Describing Mahatma Gandhi as 'one of the great leaders' of the 20th century, British Prime Minister Gordon Brown has said he wants to write about the apostle of peace's contribution to the world civilisation.
"I want to write something at some point about the contribution of Gandhi to our civilisation. I think he was one of the great leaders of the 20th century. He didn't seek power, he sought to win by changing people's hearts and minds and he managed to do so," Brown said in an interview to Garavi Gujarat, a leading Gujarati-English bilingual weekly, published on Sunday.
Noting that Gandhi is an inspirational figure for him and for so many people around the world, Brown said, "I have read a lot about how he developed his non-violent faith and how he practised his civil disobedience and how he won support because people could see his moral integrity."
The British prime minister also spoke about his strong links with India, which he plans to visit again soon.
Brown said India is going to have a bigger role in world affairs in the future and Britain is working with it on development of its new educational institutions.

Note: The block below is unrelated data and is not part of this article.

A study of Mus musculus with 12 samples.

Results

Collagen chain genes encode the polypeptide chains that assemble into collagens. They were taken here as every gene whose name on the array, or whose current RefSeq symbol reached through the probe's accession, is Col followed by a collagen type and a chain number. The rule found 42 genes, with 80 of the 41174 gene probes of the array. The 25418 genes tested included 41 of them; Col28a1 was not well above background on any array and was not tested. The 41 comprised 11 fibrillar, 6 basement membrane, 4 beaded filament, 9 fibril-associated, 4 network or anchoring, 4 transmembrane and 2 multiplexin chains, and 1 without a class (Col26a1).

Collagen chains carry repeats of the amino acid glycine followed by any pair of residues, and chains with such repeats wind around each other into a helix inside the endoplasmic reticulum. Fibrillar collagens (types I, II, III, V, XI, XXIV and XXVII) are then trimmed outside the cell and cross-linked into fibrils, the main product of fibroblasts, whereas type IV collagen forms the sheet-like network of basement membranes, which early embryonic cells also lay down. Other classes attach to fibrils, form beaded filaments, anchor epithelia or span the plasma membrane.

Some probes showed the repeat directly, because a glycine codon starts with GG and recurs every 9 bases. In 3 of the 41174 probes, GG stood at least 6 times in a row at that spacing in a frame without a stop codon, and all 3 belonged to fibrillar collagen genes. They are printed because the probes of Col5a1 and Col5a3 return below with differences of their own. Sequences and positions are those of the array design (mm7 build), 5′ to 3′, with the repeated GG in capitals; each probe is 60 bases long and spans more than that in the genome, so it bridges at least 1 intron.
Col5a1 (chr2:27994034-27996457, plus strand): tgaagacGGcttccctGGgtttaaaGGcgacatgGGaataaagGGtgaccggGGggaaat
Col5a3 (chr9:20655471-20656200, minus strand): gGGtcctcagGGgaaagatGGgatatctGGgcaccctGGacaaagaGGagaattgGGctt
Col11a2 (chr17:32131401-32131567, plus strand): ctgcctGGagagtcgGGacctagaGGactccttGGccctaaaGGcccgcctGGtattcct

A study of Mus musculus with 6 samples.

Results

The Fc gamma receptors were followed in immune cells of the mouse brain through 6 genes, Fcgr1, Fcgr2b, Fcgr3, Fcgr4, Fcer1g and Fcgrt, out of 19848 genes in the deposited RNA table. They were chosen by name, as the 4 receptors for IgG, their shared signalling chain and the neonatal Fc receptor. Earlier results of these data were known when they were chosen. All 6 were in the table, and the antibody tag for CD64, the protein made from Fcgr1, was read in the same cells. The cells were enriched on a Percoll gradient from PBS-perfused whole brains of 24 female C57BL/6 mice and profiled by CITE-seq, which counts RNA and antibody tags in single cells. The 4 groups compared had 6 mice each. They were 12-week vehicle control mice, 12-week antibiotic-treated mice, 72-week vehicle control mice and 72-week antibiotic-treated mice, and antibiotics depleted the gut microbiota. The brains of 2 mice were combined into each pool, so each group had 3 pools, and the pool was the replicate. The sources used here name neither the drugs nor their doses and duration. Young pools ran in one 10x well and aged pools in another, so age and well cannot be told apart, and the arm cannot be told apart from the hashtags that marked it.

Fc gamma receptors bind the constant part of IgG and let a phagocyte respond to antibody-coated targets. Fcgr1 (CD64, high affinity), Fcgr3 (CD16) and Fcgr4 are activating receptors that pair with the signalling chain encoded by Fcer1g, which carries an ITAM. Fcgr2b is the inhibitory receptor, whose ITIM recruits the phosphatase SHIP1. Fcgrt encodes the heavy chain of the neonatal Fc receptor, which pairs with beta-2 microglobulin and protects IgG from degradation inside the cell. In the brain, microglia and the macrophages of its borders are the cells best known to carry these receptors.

"We want to work closely with India on a whole range of issues like climate change. On financial services, industry, pharmaceuticals and the use of information technology there is growing cooperation between our countries," he said, noting that New Delhi has "a highly respected role in the G-20" as well.
The British prime minister said his strong links with India went back to his childhood days, when he received constant updates from a close relative living in Delhi.
"I have got a great affinity for India. One of my family's closest relations spent a few years as a professor of engineering at the Indian Institute of Technology in Delhi. I visited it a few months ago and it is a great institution.
"When I was growing up he was in India and his family were in India and they were telling me about all the changes taking place. So I have always had great knowledge about what's happening in India and I continue to retain that contact I had, including a close personal relationship with Prime Minister Manmohan Singh, who is one of the people I admire greatly," Brown said.
During a visit to India in 2007 as Chancellor, Brown was one of the first senior British politicians to call for a "new world order" that recognises India's central role in the global economy. He expressed his commitment to pushing for India's right to a permanent seat in the UN Security Council.
Brown said "it is part of our proposals to bring up-to-date the international institutions, including reform of the IMF and the World Bank. It's very important for the world to recognise that the world is changing and people need to know that their role in the world is respected.
"India is going to have a bigger role, and rightly so, in world affairs in the future. In economic and financial decisions but also in security decisions affecting the world and we want to recognise it in our partnership with India and India's important role in the world."